John Olerud's daughter Jordan, born with a rare chromosome disorder, dies at 19

Jordan Olerud inspired her parents to become activists for other parents raising kids with special needs.

By Alyssa Newcomb

Jordan Olerud, the daughter of former MLB All-Star John Olerud, has died at 19 years old after living with a rare chromosome disorder since birth.

The heartbreaking news was confirmed in a tweet by Jay Horwitz, vice president of alumni public relations for the New York Mets, where Olerud played from 1997 to 1999.

Jordan, who was the middle child in the Olerud family, was born in August 2000 with a unique chromosome syndrome called tri-some 2p, 5p- which means she had an extra second chromosome and was missing part of her fifth chromosome.

As a result, Jordan didn't reach milestones at the same time as other children her age and required special care from Olerud and his wife, Kelly.

"It definitely makes it difficult to play baseball," Olerud told the Seattle Post-Intelligencer in 2002. "What happened with Jordan was a lot of work. The last month of the 2000 season was the hardest. The team (Seattle Mariners) was in a pennant race, and Kelly had her hands full when I wasn't around."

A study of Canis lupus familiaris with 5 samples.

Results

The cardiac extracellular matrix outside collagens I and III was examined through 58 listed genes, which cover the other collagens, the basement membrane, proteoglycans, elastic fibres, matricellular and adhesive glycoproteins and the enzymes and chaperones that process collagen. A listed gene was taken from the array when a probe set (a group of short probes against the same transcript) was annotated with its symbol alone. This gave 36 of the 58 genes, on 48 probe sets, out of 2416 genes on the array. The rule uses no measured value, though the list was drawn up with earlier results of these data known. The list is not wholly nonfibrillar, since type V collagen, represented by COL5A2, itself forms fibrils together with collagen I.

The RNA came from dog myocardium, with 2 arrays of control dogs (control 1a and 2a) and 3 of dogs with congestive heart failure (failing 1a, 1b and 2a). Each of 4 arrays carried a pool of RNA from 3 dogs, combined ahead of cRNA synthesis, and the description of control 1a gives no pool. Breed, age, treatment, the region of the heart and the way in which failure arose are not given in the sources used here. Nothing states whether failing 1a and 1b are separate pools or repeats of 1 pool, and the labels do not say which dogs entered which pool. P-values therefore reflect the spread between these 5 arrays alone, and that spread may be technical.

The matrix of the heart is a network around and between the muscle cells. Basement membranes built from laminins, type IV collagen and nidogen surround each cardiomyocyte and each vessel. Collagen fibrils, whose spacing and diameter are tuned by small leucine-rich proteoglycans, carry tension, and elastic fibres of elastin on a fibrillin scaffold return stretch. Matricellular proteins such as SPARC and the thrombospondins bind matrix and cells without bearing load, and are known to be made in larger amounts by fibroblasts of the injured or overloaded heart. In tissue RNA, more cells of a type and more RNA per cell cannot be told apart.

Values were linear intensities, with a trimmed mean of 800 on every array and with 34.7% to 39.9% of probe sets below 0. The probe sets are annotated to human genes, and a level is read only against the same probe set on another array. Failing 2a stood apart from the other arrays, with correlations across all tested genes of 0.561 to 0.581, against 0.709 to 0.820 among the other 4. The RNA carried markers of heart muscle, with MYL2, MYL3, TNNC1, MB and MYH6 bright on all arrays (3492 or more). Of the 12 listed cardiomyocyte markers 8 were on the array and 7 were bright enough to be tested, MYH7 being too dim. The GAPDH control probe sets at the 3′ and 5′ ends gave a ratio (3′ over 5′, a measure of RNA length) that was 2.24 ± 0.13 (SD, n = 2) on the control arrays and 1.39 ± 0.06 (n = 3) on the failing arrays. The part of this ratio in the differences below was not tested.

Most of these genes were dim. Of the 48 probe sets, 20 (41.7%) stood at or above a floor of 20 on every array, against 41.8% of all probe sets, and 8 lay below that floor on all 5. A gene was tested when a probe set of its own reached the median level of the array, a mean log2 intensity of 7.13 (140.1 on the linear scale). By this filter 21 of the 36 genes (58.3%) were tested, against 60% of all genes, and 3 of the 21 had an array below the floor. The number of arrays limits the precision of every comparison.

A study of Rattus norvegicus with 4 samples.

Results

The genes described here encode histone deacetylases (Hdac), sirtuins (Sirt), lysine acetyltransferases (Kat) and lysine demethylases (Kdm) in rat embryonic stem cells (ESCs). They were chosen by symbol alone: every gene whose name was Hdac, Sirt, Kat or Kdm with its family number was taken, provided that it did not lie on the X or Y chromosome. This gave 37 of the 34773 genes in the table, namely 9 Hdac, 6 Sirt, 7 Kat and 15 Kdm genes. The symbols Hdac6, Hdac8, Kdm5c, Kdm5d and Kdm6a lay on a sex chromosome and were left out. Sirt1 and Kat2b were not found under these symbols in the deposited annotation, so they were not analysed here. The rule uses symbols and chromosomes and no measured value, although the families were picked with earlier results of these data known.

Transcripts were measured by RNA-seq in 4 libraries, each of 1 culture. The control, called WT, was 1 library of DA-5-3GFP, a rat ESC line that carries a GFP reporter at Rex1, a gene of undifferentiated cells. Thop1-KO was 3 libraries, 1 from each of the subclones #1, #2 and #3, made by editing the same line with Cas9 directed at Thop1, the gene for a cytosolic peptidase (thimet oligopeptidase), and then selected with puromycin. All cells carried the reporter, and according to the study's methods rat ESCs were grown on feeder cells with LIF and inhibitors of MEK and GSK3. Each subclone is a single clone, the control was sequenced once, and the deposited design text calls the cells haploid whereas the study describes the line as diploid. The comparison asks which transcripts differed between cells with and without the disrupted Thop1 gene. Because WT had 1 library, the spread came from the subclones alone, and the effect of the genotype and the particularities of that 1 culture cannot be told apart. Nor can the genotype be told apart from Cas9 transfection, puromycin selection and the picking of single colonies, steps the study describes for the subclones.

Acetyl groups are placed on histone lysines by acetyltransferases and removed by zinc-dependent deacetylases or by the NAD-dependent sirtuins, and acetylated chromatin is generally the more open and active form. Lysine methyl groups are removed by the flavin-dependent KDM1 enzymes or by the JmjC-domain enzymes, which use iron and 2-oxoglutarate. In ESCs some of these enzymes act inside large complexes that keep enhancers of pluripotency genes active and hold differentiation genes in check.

The family's experience caring for a child with special needs led them to become activists.

They started the Jordan Fund in 2003 to help support other families caring for special needs children. Olerud, who was a two-time World Series champion with the Toronto Blue Jays in 1992 and 1993, retired from baseball in 2005.

Over the years, the fund has given grants to individual families to help handle costs that aren't covered by insurance, such as respite care, therapy and equipment. The Jordan Fund also helps large organizations and funds projects. In 2014, the Jordan Fund donated $50,000 to Inspiration Playground to help create an all-inclusive playground in Bellevue, Washington.

Through the years, John and Kelly Olerud have spoken candidly about what it is like to raise a child with special needs. In 2005 the year Olerud retired, he told the Boston Globe how much Jordan inspired him.

"I'm constantly amazed at her disposition. She’s uncomfortable, she’s having a hard time... but yet, she’s got a smile for you," he said. "I'm really blessed to have a child like her."